I have a client who bought a house 30 years ago, for 40k refinanced in 2006,took out 477k, sold house in 2013 for 660k used the residence as a rental from 2009-2011 moved back in 2011 but continued to rent part of the house then sold in 2013. How should I treated, I know she can’t get the full 250k exclusion because she did use the property as a rental wrote off depreciation. Any help is appreciated
Correct as you said, as she needs to recapture the unrecaptured r/e recapture, sec 1250 recapture(As long as her rental property was depreciated using MACRS method(S/L method), there is NO sec 1250 recap potential; since the use of the S/L method is required for real pty acquired after 1986, there will be no Sec 1250 recap on the disposition of such pty. Sec 1250 recap is rarely seen
,)on her return when she disposes of the pty, she won’t be able to exclude the whole of $250K.I assume that she is single, then as , she lived in her home as a primary residence more than two years but decided to move out and turned the property into rental housing, when she sells the property she still qualifies for that primary residence exemption of $250K. So if her gain (profit) is less than those threshold, $250K, she will have no tax to pay on her gain, though she will have to pay depreciation recapture tax on the amount that she depreciated the property while it was a rental. Any depreciation allowed or allowable during the period that it was rented out is recaptured at sale time and is taxable at a higher rate than normal long-term capital gains, currently up to 25% aslongas her tax bracket is 25% o rhigher..In order to survive an IRS audit on the sale if a partial exclusion on any gain is being claimed she will need a professional appraisal of the value of the property as of the date that it's converted to rental use. This is even more important today with the fluctuation in property values over the past few years. Any gain/loss in value going forward once it's converted to rental is treated separately from any exclusion of gain on the sale of a personal residence. You still have to account for the gains separately (principal residence vs rental) since if there is a loss in value in the property once it's converted to rental that loss CAN be used to offset any other taxable gains. You still have the depreciation recapture to contend with as well and that's addressed as a separate item on Form 4797 when the property is sold So, even if the part of her pty used for non-residential purposes is within her pty ,i.e. room used for rental, she is treated as satisfying the use test for ht entire pty for purposes of the exclusion whether or not she was enitled to claim any depre deduction. No allocation of basis and amount realized from the sale is required, but the gain subject to excl, does not include any gain that must be reported on f4797 because if depre dedcutions allowed/allowable after May 6, 1997.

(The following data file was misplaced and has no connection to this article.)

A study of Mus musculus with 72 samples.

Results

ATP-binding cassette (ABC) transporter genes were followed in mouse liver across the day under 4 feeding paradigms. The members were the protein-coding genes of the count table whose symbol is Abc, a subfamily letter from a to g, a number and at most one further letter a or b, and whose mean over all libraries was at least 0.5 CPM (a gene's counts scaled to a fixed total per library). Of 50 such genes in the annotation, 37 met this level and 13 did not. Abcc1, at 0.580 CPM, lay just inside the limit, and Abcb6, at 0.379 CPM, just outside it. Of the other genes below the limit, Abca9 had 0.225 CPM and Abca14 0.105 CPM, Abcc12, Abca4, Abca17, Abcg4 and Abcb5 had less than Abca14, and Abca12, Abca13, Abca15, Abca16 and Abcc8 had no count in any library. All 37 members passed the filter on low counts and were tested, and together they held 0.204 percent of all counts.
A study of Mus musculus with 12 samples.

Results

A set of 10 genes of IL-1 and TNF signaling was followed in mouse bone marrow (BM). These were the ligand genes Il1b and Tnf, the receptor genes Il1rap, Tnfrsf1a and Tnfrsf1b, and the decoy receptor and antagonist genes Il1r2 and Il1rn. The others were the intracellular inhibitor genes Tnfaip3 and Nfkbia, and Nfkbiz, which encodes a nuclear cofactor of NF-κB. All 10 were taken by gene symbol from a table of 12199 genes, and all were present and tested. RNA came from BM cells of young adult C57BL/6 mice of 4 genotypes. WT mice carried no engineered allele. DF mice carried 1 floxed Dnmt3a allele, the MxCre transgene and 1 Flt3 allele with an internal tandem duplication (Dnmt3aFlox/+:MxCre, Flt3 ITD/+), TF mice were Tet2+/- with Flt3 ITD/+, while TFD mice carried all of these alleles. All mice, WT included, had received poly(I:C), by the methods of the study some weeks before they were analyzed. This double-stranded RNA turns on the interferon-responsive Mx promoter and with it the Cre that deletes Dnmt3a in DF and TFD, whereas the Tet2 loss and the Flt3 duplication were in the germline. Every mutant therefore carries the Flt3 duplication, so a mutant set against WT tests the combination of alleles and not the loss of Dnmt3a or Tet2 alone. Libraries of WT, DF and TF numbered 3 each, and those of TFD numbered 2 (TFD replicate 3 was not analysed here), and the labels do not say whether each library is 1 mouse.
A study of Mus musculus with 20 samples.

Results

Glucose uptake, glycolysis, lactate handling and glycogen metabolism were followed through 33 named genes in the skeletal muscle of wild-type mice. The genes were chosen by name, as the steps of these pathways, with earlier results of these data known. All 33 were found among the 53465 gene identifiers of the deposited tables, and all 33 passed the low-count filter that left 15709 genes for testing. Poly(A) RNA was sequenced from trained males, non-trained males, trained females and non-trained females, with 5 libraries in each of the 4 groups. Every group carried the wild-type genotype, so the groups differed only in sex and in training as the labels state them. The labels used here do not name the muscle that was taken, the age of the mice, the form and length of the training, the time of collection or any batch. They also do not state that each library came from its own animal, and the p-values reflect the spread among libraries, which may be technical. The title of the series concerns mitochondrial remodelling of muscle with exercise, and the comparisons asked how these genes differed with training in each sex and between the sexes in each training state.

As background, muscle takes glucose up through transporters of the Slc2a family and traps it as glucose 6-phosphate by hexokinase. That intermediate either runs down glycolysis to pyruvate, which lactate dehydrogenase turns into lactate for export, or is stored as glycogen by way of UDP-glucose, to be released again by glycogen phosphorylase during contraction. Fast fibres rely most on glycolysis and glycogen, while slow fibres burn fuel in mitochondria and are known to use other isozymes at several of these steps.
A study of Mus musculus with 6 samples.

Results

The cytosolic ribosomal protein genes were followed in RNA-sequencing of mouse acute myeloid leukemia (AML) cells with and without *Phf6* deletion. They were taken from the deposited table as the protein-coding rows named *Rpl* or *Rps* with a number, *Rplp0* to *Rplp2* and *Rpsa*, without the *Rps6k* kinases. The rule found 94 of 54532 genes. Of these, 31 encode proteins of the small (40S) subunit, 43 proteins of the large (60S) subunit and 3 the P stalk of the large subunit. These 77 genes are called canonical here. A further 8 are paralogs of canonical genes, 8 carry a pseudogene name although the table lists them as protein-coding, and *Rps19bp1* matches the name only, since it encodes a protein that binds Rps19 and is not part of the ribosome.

NOTE: the sale of an asset used for business purposes, such as a home that is rented for income, is reported on IRS Form 4797. as there was rental activity in the year the property was sold, the rental income and expenses are reported on Sch E just as it was in prior years. She needs to enter the sale proceeds on line 1 of Form 4797. The proceeds will be reported to her on form 1099-S. Form 1099-S will be mailed to her by January 31 of the year following the sale. She should skip Parts I and II of Form 4797 since they do not apply to the sale of rental real estate. She should record a description of the rental property on line A of Part III, line 19(a) of Form 4797. She needsto enter the date acquired and date sold on lines 19(b) and 19(c), respectively. If sh eis unsure of the dates to report, review your closing documents from both the original purchase and the sale. The date sold will also be included on form 1099-S. Enter the gross sale price of the rental home on line 20 under the column for Property A. Since she is only reporting one sale on Form 4797, the amount on line 20 will match the amount on line 1. she also should calculate the cost basis of the property, add expenses related to the sale of the property and enter the total on line 21. The cost basis is the amount you purchased the property for. Selling expenses allowed to be added to the cost basis include attorney fees, title fees and recording fees.